As Baillie searched for possible specimens of the Great Auk and Labrador Duck, he appealed to his weekly newspaper readership and his network of patrons for funding.
On July 26, [they] made the return trip to Toronto with two more inanimate passengers aboard--one Great Auk and one Labrador Duck.
acquired a Great Auk, a long-extinct Canadian bird previously represented in Canadian collections only by bones.
Although the Great Auk inhabited much of the northern Atlantic, there is evidence that prehistoric people had extirpated the species from many parts of its original range.
Because of the similarity, we had not questioned Breuil's 1912 remarks on the El Pendo engravings (later in Breuil 1952: 348) in calling one of the birds a pingouin, is a name we knew was usually but not always translated as Garefowl or Great Auk; and the bones of Great Auks are known from chronologically compatible Upper Palaeolithic levels.
Great Auks - `larger than a goose' (Grieve 1885), bearing great quantities of valuable fat as well as flesh and feathers, and thoroughly colonial - were easy to cull in such numbers as finally to exterminate the species.
The only factor in favour of reading the El Pendo engravings as Great Auks is their large size.
Identifying Great Auks and other birds in the Palaeolithic art of western Europe: a reply to d'Errico, Antiquity 68: 850-58.
Soon great auks
became a favorite food of New World sailors, who sometimes stretched a spare sail from ship to shore and simply herded the birds into an on-board butcher shop.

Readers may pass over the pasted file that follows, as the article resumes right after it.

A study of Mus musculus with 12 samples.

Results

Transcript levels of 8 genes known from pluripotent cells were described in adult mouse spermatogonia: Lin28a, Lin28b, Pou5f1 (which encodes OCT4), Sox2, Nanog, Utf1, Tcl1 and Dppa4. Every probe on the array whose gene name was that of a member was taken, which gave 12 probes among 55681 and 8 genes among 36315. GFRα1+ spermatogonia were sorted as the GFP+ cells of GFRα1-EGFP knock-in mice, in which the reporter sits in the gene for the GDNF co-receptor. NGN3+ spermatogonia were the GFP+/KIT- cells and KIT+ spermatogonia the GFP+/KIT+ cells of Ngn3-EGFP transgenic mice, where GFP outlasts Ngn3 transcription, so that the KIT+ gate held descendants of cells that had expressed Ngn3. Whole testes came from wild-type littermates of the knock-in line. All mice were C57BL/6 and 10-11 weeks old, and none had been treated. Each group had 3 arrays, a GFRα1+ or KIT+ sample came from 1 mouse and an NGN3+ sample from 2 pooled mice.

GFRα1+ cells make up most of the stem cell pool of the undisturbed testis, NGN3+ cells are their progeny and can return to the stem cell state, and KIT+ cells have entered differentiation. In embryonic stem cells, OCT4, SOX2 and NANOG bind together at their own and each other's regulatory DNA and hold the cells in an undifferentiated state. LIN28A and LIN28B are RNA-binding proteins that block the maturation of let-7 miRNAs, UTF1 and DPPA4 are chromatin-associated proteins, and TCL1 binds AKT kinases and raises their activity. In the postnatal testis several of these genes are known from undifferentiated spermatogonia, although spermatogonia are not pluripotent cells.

Furthermore, of the two anecdotal accounts the author cites regarding the wrong posture of the specimen, the first is too general for definite conclusions to be drawn, and the second is 20 years older than the death of the last pair of Great Auks.
When discussing the carving of a bird on the Raymonden baton, and on the walls of the Grotte de Gargas, my objective was to show that these were not Great Auks, not to identify the possible species represented.
In a recent article in ANTIQUITY, d'Errico (1994) discusses the painting depicting the Great Auk (Pinguinus impennis), recently discovered at the Grotte Cosquer (Alpes Maritimes, France) (Clottes et al.
In French, Great Auks and Razorbills are still pingouins, which is how the mistake in ANTIQUITY'S translation into English arose.
In short, the only figures reasonably identified as Great Auks are the one at El Pendo and the three at Cosquer, whose homogeneity of style and technique suggests they are contemporaneous.
Battles between Great Auks had to be impressive because of the birds' size.